Nicola Sturgeon: 'No guarantee' all non-urgent surgery will continue during level four lockdown
Elective surgeries are at risk of being cancelled again across Scotland due to the level four post-Christmas lockdown after Nicola Sturgeon said she could give no guarantee they would continue to happen.
The First Minister, speaking after giving a Covid-19 update to the Scottish Parliament, said the Scottish Government is supporting the NHS to tackle the backlog of procedures which were cancelled earlier in the year during the first lockdown.
However she said that cancellations could occur again as hospitals and the NHS are stretched during the next phase of the pandemic.
Willie Rennie, the leader of the Scottish Liberal Democrats, asked Ms Sturgeon whether she expected more NHS boards to announce the cancellation of non-urgent operations “in the near future”.
He said: “At least 135,000 operations were cancelled earlier this year in the lockdown and we know for safety reasons hospitals have limited the number of elective surgery operations.
"I’m concerned about reports that ever greater numbers of operations have been cancelled, that some hospitals have cancelled all non-urgent procedures and that some NHS boards are considering following suit.”
In response, the First Minister said that keeping these procedures going was a “priority” and that the Scottish Government want the situation to “get back to normal”.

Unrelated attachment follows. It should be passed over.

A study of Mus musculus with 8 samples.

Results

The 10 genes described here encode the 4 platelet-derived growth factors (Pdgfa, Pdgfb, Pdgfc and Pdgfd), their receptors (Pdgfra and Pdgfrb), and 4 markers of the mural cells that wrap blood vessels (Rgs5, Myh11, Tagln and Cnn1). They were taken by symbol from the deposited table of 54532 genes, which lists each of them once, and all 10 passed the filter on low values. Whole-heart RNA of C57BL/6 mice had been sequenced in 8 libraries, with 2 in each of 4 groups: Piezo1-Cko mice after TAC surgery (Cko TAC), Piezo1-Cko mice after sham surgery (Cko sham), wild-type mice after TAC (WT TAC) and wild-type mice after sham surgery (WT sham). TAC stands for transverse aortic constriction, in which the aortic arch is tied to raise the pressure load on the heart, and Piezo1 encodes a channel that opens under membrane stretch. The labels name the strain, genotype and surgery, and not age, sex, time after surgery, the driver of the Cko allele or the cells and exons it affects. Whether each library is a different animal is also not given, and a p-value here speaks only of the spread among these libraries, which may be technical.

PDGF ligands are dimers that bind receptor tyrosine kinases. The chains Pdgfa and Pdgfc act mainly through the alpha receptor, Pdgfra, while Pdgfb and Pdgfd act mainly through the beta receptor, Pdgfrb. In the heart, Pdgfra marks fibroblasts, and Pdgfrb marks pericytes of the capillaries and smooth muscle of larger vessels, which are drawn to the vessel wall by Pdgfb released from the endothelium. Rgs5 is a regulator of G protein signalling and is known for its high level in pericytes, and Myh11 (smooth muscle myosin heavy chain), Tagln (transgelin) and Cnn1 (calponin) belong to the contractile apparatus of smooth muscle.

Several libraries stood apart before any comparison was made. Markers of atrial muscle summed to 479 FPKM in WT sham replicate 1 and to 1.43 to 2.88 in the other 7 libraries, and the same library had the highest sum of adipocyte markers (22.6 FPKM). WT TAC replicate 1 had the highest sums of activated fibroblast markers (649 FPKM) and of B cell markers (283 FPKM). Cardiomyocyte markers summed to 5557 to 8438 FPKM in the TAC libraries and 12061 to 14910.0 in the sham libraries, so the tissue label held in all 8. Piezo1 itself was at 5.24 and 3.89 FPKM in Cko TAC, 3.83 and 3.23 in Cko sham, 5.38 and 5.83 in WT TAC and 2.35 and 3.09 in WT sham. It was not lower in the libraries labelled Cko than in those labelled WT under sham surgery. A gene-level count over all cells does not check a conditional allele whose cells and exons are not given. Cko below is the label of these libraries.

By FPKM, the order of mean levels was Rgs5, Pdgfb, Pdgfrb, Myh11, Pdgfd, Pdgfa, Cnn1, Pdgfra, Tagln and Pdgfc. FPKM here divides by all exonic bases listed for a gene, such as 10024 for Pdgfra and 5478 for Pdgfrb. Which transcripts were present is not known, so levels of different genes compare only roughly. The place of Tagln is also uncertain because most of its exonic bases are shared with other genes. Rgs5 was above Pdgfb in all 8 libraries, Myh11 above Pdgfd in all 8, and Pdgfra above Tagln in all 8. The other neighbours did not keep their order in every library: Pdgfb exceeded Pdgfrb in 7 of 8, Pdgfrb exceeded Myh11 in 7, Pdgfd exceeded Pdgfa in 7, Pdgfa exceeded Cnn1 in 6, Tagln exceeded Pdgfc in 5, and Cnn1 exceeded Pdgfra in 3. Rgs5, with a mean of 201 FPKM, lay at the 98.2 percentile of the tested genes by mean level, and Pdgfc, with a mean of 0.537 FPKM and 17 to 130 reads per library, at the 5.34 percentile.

Ms Sturgeon said: “We want as much elective treatment to continue, we want to get back to normal in as much as that is possible and that is a priority we discussed at cabinet early today.
"But this does depend on our ability to suppress this virus.
"To put it bluntly, the more patients that require hospital and intensive care treatment for Covid and the more staff that are required to support that, then of course the greater the levels of infection, the more hospital and NHS staff generally are likely to be off sick...then the less able the NHS will be to do normal business.
"We are supporting the NHS to get that balance as right as possible.
"I cannot guarantee that no NHS board or no hospital will have to postpone elective treatment but we are trying to support the NHS through this as much as possible to reduce the backlog of this year and to stop that backlog as far as possible rising any further.”
A message from the Editor:
Thank you for reading this article. We're more reliant on your support than ever as the shift in consumer habits brought about by coronavirus impacts our advertisers.
If you haven't already, please consider supporting our trusted, fact-checked journalism by taking out a digital subscription.
Want to join the conversation? Please or to comment on this article.